Since the release of Tom Clancy's The Division in March, French developer Ubisoft has struggled to curb the rampant use of cheats, hacks and exploits in its post-apocalyptic third-person shooter. In a blog post on 9 June, the developer has announced its most aggressive measure yet to rid the game of cheaters. Players found cheating in the game will now receive permanent bans, even if it is their first offense, starting immediately.
Following the introduction of new cheat detection methods in April, Ubisoft said they cracked down on more than 30,000 accounts for cheating last month, doling out 3,800 permanent bans in its "biggest wave of suspensions and bans to date."
"This led to a significantly improved experience, particularly in the Dark Zone," Ubisoft said. However, the developer admits that the new measures were not enough to address the endemic problem.
"Following this campaign of suspensions and bans, it also became clear that while huge progress has been made in terms of cheat detection, our 14 day suspension on first offense policy has not been dissuasive enough," the post reads. "Judging from your feedback, and based on what we witnessed when cheaters came back to the game, we have now decided to push our policy one step further: we will now start applying permanent bans on first offense when players are caught using cheat engines and we will communicate clearly when new ban waves are taking place."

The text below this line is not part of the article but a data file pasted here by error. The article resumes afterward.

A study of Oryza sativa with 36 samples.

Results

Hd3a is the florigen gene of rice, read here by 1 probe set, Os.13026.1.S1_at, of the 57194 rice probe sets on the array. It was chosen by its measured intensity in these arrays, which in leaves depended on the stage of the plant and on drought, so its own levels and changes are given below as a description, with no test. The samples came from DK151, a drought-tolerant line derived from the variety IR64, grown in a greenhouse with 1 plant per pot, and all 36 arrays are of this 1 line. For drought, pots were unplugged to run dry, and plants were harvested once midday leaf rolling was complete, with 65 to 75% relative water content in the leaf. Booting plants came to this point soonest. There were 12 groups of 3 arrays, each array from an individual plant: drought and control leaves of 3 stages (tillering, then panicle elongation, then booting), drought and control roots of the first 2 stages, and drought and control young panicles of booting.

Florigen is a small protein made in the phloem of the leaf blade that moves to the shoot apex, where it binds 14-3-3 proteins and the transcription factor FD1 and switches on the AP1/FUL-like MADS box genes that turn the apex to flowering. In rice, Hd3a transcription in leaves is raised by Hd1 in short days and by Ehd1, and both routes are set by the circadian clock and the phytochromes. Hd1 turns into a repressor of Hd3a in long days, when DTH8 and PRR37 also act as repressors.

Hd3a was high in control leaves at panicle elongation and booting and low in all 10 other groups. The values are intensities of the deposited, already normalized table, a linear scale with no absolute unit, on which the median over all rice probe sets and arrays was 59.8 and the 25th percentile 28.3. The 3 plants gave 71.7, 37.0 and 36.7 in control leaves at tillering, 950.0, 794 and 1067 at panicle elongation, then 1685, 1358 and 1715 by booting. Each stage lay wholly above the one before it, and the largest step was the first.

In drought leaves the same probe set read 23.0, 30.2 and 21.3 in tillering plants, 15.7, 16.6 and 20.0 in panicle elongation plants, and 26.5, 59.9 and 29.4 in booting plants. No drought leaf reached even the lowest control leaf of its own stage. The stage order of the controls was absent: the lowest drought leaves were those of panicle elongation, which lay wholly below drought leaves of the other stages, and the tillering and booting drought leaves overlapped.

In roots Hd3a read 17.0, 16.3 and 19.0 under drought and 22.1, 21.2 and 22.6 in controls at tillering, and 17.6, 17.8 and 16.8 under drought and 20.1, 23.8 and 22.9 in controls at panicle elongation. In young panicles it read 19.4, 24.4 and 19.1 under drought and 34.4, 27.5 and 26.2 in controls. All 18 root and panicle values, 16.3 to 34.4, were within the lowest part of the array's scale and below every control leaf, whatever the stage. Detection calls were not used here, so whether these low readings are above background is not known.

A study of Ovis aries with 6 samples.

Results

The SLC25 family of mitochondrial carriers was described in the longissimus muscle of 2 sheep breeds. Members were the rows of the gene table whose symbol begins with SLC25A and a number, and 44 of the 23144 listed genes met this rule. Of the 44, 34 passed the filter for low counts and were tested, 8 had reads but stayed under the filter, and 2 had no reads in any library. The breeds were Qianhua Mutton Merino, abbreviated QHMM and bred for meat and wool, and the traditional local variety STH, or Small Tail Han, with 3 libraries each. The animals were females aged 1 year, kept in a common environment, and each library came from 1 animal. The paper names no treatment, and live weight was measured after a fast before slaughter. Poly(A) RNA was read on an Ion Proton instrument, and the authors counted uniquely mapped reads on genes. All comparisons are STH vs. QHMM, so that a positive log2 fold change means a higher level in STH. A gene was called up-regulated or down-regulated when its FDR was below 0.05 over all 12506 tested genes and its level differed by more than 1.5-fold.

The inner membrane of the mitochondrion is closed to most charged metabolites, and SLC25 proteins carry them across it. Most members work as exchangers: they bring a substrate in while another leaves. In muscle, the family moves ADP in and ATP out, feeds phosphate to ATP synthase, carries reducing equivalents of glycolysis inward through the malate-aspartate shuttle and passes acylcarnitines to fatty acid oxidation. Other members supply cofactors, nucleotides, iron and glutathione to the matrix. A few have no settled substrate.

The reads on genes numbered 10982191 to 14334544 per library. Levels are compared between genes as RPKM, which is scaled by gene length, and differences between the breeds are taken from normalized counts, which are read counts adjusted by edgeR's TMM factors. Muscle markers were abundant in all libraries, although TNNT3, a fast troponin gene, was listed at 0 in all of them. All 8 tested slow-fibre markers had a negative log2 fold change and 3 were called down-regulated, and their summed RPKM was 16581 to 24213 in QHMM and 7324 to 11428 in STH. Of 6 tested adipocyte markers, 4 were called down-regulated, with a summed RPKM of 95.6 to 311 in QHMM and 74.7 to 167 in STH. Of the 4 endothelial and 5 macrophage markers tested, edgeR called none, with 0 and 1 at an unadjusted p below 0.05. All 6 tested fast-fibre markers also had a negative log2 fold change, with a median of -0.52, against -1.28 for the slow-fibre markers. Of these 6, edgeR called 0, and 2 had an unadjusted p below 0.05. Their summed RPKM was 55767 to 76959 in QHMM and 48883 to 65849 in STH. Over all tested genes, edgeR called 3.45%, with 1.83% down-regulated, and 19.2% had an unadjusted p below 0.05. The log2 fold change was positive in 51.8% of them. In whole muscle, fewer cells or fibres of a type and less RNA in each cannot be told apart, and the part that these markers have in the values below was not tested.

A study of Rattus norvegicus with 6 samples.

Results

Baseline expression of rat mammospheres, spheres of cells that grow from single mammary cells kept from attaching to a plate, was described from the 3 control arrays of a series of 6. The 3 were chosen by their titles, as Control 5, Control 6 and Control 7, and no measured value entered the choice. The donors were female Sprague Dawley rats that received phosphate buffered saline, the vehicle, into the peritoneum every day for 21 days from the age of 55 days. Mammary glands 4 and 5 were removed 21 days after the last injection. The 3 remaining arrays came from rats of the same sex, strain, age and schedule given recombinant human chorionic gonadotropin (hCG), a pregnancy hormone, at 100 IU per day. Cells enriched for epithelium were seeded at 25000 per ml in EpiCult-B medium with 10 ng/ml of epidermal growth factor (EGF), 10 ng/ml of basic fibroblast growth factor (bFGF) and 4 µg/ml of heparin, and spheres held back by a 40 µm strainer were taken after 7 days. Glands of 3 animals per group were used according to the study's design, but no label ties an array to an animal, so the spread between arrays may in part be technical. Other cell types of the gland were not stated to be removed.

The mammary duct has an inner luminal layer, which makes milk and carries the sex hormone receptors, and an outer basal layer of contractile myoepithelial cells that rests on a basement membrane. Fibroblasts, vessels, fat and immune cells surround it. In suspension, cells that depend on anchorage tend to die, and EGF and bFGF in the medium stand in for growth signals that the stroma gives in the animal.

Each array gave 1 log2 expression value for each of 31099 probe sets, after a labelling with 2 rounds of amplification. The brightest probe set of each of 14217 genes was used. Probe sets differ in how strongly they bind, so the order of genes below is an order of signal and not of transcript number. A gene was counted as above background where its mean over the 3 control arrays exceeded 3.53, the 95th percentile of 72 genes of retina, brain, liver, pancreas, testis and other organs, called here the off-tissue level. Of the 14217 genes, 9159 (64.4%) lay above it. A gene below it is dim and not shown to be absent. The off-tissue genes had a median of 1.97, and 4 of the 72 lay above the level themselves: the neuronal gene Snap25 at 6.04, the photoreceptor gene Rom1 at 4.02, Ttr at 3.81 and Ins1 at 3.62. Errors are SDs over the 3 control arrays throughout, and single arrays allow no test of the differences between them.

While the developer does specifically mention plans to pull up players who use "cheat engines," it does not explicitly address whether exploiting glitches and bugs will get you kicked out of the game as well.
Still, Ubisoft's new aggressive stance will come as a welcome move for many frustrated fans who have threatened to leave the game due to a litany of issues, particularly its PC version.
So far, the average number of Division players plummeted by 59% from 65,065 players in March to 26,394 in April, according to Steam Charts. Player numbers took another 63% nose dive in May and has fallen another 14% so far in June. Peak player numbers have also dropped from 114,000 in March to a little more than 16,000 in June.
In April, players found cheating were handed a three-day suspension. If a player was found cheating a second time, he or she would be given a permanent ban. The suspension period was later bumped up to a 14-day ban for first time offenders when Ubisoft introduced its new anti-cheating measures.
Ubisoft recently implemented a similar policy on cheating in Rainbow Six Siege as well, following Blizzard's own announcement to clamp down on cheaters prior to the launch of its popular multiplayer shooter, Overwatch. Clearly, Blizzard is already making good on its earlier promise, having banned thousands of players in the two weeks since its launch with 1,500 in China alone.
The Division is currently available on PlayStation 4, Xbox One and PC.